Marshall Center's Counterterrorism Program Starts Today
By Christine June
Public Affairs Program
George C. Marshall European Center for Security Studies
GARMISCH-PARTENKIRCHEN, Germany (July 9, 2015) – The Program on Terrorism and Security Studies starts today, July 9, at the George C. Marshall European Center for Security Studies here.
The PTSS course addresses numerous aspects of a threat that confronts nations around the globe. The four-week course is designed for government officials, military officers and police administrators currently working in mid- and upper- level management positions of counterterrorism organizations throughout the world.
The keynote speaker for the first day is Ambassador David M. Satterfield, director General of the Multinational Force and Observers.
Satterfield is a retired career Senior Foreign Service Officer of the United States, a career begun in 1980. His last position before this appointment was as Coordinator for Iraq and Senior Advisor to the Secretary of State. Prior to that, he served as U.S. Deputy Chief of Mission in Iraq, Principal Deputy Assistant Secretary of State for Near Eastern Affairs, and U.S. Ambassador to Lebanon.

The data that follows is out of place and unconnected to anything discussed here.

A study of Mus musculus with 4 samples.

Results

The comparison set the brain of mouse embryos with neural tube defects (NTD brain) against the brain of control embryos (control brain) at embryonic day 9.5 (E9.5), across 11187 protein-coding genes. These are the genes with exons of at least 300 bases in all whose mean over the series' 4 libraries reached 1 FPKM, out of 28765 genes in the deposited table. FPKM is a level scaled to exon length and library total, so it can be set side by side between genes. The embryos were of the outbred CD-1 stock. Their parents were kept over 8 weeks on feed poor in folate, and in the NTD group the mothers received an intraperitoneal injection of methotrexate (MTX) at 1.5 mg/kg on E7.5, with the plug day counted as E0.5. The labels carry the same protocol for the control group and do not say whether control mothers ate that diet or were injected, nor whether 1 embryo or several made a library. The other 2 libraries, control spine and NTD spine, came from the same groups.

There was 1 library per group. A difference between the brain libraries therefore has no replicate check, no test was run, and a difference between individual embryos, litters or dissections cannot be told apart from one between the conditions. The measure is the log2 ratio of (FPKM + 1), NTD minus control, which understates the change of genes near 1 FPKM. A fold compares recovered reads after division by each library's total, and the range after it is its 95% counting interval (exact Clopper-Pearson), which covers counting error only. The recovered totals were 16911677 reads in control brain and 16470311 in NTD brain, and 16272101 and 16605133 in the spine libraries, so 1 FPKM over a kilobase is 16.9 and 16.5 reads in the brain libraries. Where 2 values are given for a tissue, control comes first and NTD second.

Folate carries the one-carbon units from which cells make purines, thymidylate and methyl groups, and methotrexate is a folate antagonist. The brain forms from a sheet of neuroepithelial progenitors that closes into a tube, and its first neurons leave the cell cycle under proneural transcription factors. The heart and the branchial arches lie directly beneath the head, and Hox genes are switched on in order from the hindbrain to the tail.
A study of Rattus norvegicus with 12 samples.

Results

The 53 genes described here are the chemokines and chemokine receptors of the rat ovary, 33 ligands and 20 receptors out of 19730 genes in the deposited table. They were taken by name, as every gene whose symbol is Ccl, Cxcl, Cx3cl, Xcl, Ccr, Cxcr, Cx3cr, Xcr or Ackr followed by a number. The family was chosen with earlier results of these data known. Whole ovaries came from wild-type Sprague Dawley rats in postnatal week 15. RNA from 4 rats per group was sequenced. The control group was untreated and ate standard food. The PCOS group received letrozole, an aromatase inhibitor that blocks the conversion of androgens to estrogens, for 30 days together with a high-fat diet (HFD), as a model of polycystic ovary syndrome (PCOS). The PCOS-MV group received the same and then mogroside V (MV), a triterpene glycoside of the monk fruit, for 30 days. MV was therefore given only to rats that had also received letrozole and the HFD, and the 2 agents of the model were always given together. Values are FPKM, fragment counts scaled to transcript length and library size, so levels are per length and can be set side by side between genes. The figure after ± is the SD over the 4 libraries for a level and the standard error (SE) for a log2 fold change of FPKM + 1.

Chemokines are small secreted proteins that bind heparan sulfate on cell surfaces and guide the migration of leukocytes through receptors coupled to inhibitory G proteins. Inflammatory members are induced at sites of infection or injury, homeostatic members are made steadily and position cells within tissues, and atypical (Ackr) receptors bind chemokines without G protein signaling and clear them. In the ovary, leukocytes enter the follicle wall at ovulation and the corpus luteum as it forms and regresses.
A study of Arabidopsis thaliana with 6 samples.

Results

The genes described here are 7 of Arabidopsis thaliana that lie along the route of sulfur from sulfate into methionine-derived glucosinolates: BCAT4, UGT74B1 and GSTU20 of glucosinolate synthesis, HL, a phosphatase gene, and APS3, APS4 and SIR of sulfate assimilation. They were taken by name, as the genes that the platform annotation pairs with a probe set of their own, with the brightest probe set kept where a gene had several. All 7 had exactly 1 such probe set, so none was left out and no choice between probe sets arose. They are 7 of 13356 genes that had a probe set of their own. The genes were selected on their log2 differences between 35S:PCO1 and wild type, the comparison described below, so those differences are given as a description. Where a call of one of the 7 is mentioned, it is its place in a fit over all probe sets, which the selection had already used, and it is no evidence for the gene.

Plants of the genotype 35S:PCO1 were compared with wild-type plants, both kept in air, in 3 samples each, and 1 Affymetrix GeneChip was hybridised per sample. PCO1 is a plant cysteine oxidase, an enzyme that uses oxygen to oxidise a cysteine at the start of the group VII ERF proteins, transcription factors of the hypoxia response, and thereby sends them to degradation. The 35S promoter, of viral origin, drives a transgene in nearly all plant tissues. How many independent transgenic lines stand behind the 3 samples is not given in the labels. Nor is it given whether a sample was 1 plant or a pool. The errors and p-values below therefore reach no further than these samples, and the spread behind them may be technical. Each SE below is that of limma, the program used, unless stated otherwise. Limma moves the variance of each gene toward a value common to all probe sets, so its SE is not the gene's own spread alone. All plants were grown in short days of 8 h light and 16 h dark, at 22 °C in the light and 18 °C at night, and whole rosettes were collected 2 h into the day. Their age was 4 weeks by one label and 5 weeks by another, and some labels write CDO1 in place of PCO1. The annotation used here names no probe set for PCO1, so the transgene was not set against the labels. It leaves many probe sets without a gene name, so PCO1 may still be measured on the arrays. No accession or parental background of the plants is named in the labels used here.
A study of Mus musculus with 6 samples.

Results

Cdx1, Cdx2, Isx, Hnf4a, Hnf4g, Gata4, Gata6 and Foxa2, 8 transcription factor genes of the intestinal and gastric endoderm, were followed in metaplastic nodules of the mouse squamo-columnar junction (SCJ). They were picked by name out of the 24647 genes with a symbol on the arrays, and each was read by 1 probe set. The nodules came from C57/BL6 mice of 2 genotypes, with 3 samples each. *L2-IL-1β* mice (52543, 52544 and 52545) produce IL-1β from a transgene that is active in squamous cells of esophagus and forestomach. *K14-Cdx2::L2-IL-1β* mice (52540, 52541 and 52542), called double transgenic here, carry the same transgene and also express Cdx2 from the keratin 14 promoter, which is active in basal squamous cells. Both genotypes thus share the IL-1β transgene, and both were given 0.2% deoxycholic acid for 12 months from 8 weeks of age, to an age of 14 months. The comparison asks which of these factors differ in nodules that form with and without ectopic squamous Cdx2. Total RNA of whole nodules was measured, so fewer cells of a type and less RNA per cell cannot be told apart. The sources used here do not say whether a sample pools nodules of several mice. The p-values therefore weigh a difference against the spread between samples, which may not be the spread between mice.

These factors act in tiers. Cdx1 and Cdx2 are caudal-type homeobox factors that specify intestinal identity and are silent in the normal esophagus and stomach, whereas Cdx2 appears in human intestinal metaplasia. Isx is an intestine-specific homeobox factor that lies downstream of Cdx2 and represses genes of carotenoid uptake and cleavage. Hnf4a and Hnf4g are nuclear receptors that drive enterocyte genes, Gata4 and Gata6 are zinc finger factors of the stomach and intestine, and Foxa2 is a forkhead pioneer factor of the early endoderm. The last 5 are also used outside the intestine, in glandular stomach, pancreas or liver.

His Middle Eastern experience spans thirty years and also includes assignments in Syria, Tunisia, Saudi Arabia and two tours in Lebanon. Ambassador Satterfield served as Director of Arab and Arab-Israeli Affairs in the Department of State and as Director for Near Eastern Affairs on the National Security Council Staff from 1993 to 1998, where he worked primarily on the Arab-Israeli peace process. His languages include Arabic and French.
Today, the participants – 75 from 51 countries – are studying What is Terrorism: Definitions and Terms from Professor Jim Howcroft, PTSS course director. They will also receive welcoming remarks from Ben Reed, Marshall Center U.S. deputy director, and alumni briefing.
Participants hail from: Afghanistan; Albania; Armenia; Bangladesh; Belize; Bosnia and Herzegovina; Botswana; Cameroon; Costa Rica; Croatia; Czech Republic; Dominican Republic; Egypt; Estonia; Georgia; Germany; Greece; Hungary; Ireland; Italy; Kenya; Kosovo; Kyrgyzstan; Latvia; Macedonia; Malaysia; Mali; Malta; Mauritania; Mauritius; Moldova; Morocco; Nigeria; Pakistan; Peru; Philippines; Poland; Romania; Rwanda; Senegal; Serbia; Sierra Leone; South Africa; South Korea; Tanzania; Thailand; Togo; Tunisia; Uganda; United States; and, Uzbekistan.
The mission of the Marshall Center, as a vital instrument of German-American cooperation, is to create a more stable security environment by advancing democratic institutions and relationships; promoting active, peaceful, whole-of-government approaches to address transnational and regional security challenges; and creating and enhancing enduring partnerships worldwide.